The lockdown has brought forth unprecedented challenges to be tackled. Uncertainty still lingers in a lot of realms with the ever-increasing infection rates, despite the Unlock 1.0 in action.
One such domain is that of education, where schools and colleges are unsure of when they can reopen and have been trying to incorporate technology in order to be able to continue teaching their students. Online classes have become the need of the hour and widespread access to fast-speed internet has become a lifeline of sorts in ensuring that. But, we should not forget that there is one such place still deprived of this fundamental need- Jammu and Kashmir.
With only 2G connectivity, the transition to this new mode of teaching has not been easy. Two teachers form Jammu tell us about how they are still managing to teach their students against all odds.
“I make audio lectures for my students,” say Dr. Varsha Gupta, Professor of History, teaching M.A. students at Jammu university, “I have made a WhatsApp group for my students. All my students are on the group. I record audio lectures and I type out any difficult words and terms. Along with that, I use CamScanner to make pdfs of the reading material and put it in the group.” She also said that she calls her students to ask if they have any doubts and problems regarding the subject matter.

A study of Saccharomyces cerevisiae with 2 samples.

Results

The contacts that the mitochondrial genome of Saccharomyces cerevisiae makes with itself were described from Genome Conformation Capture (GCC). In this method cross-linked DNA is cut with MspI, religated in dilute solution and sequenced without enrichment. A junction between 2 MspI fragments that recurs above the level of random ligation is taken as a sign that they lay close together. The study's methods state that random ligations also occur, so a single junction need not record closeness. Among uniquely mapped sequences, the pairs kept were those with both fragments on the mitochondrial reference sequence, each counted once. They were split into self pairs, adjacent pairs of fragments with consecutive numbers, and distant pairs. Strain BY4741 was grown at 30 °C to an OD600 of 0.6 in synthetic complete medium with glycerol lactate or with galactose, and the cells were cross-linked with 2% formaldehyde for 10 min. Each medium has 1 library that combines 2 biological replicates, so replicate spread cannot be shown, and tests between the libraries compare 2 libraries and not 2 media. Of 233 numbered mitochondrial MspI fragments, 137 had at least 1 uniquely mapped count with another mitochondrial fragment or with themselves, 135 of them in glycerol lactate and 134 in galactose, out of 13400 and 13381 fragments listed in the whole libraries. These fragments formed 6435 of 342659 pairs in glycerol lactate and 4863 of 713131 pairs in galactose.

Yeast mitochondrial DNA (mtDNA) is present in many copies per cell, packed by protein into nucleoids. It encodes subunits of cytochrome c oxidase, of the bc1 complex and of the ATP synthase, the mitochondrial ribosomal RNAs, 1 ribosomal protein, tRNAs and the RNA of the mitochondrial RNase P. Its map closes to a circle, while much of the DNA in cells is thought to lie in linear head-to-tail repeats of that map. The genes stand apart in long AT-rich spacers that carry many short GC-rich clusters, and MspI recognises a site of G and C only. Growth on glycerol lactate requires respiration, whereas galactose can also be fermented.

Ms. Ritu Bharti Gupta teaches social science to students of 10th standard at Government Girls Higher Secondary School, Bishnah, which is around 20 kms from the main city. “At this point of time, 34 students of 10th standard are on our WhatsApp group, but not everybody has android”, she says. “We send audios or videos and pictures of written material in the group”. She further explains “We have divided the four sub-categories of the subject amongst us three teachers. We have made a time-table and we send in our lectures according to our turn.” On being asked if the videos run smoothly with 2G connectivity, she says “They take time to load, but we manage somehow.” The total enrolment for 10th standard at the school is 54 students which means that 37% students of the class don’t have access to this online means of education, and this is just one standard.
The efforts of these teachers and many others like them are applaudable. However, in times of a pandemic, access to fast-speed internet should not be a privilege, but a basic human right. What’s worse is that we have the capacity to do so, but after Supreme Court rejected the plea to restore 4G in the state, there doesn’t seem to be a will.